The result is that an apparently ho-hum affair has been turned into an edge-of-the-seat thriller. I certainly wasn’t expecting to be watching this series still, but as the shadows lengthened in Guyana on Sunday, I was gripped. The batsmen crawled painfully to their target, as though spin bowling was some dastardly new invention. Kieron Pollard in particular was an accident waiting to happen. Launching a ball to long-on, the hapless Mumbai Indian had to trudge back to the pavilion under the dead-eyed glare of his captain. The laconic Jeffrey Dujon suggested that Pull Hard might consider getting changed behind the pavilion.
In between the silly shots, the crowd were amusing themselves. Given the blazing heat, some kind of award has to go to the man in the Santa suit, complete with full-length white beard, who marched up and down the stand, playing a musical instrument that looked like it had been knocked up in a shed. Horns were everywhere. At times it sounded like a troupe of performing sea lions had been let loose in a drum shop. All manner of unearthly honks, hoots and bellows were unleashed, particularly when Gayle gave the ball a few healthy taps.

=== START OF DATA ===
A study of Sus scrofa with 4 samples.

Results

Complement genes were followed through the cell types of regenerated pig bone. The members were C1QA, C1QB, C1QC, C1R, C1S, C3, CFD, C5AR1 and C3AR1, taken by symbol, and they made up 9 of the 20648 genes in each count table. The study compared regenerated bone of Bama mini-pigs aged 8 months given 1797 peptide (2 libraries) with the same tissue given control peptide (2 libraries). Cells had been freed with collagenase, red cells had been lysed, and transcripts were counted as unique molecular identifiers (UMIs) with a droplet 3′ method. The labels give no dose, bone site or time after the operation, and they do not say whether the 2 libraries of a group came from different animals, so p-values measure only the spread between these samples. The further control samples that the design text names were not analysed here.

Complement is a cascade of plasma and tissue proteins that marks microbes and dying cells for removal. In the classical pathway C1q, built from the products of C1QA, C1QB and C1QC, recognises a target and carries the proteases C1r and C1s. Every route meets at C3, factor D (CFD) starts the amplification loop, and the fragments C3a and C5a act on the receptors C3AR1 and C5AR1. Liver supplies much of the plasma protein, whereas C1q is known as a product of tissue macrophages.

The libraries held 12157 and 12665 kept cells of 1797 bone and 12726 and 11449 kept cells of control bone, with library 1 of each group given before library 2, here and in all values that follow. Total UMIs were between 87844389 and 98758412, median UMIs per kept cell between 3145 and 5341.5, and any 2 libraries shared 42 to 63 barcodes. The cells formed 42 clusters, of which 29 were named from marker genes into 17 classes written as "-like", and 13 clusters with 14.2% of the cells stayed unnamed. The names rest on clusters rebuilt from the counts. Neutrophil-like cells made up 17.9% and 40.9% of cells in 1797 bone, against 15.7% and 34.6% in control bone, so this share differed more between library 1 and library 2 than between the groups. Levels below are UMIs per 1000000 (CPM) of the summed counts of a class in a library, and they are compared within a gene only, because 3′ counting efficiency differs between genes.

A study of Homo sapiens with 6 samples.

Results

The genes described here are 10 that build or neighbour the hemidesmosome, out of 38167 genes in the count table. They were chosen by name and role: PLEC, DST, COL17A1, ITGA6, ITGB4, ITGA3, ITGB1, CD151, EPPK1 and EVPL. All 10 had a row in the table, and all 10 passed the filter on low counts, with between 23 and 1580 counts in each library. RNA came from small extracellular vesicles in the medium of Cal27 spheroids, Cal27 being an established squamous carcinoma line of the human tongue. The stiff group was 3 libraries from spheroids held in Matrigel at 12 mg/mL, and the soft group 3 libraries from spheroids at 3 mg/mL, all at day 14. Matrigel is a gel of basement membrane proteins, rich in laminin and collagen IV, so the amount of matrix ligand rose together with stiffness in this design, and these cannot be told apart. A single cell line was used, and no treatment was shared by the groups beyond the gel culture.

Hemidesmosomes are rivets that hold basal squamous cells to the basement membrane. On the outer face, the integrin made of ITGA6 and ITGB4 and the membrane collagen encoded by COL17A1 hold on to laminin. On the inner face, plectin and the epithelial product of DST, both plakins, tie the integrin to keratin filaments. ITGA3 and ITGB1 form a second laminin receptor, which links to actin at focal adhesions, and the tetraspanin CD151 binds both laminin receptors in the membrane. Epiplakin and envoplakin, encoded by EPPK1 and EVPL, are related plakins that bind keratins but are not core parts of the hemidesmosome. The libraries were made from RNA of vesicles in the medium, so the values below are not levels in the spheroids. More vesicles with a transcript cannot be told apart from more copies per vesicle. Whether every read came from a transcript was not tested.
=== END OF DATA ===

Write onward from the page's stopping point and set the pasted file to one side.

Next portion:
The other sound most often heard was that of clattering wood. The viewer formed the distinct impression that the West Indian players had been practising, so often did they disturb the bails. Indeed, both sides were pretty hot on the ground fielding, with the result that there was more timber demolished at the Providence National Stadium than over a long weekend in the Amazon.
But the best fielder wore red. Tatenda Taibu reminds me of the days when wicketkeepers were magicians. Ball beating bat and bails being removed seems to happen instantaneously, with the little keeper shrieking his celebration from short mid-on before the spectator realises what has happened.
Then there was Ray Price, a man for whom the bowling of a cricket ball is an inconvenience that gets in the way of his sledging. After letting fly, he immediately scurries down the pitch to get up close and personal with the batsman. He then runs through a melodramatic repertoire of glares, frowns, headshakes and insults, before chatting loudly with the umpire, generally behaving like precisely the kind of person you avoid at bus stops. If you haven’t seen him, imagine Shane Warne with less talent. Really, Ray, enough already. Bullying Darren Sammy is nothing to be proud of. The ball boys probably do that during the lunch interval. You have to wonder how the lippy trundler would have fared if he’d tried it on with Viv.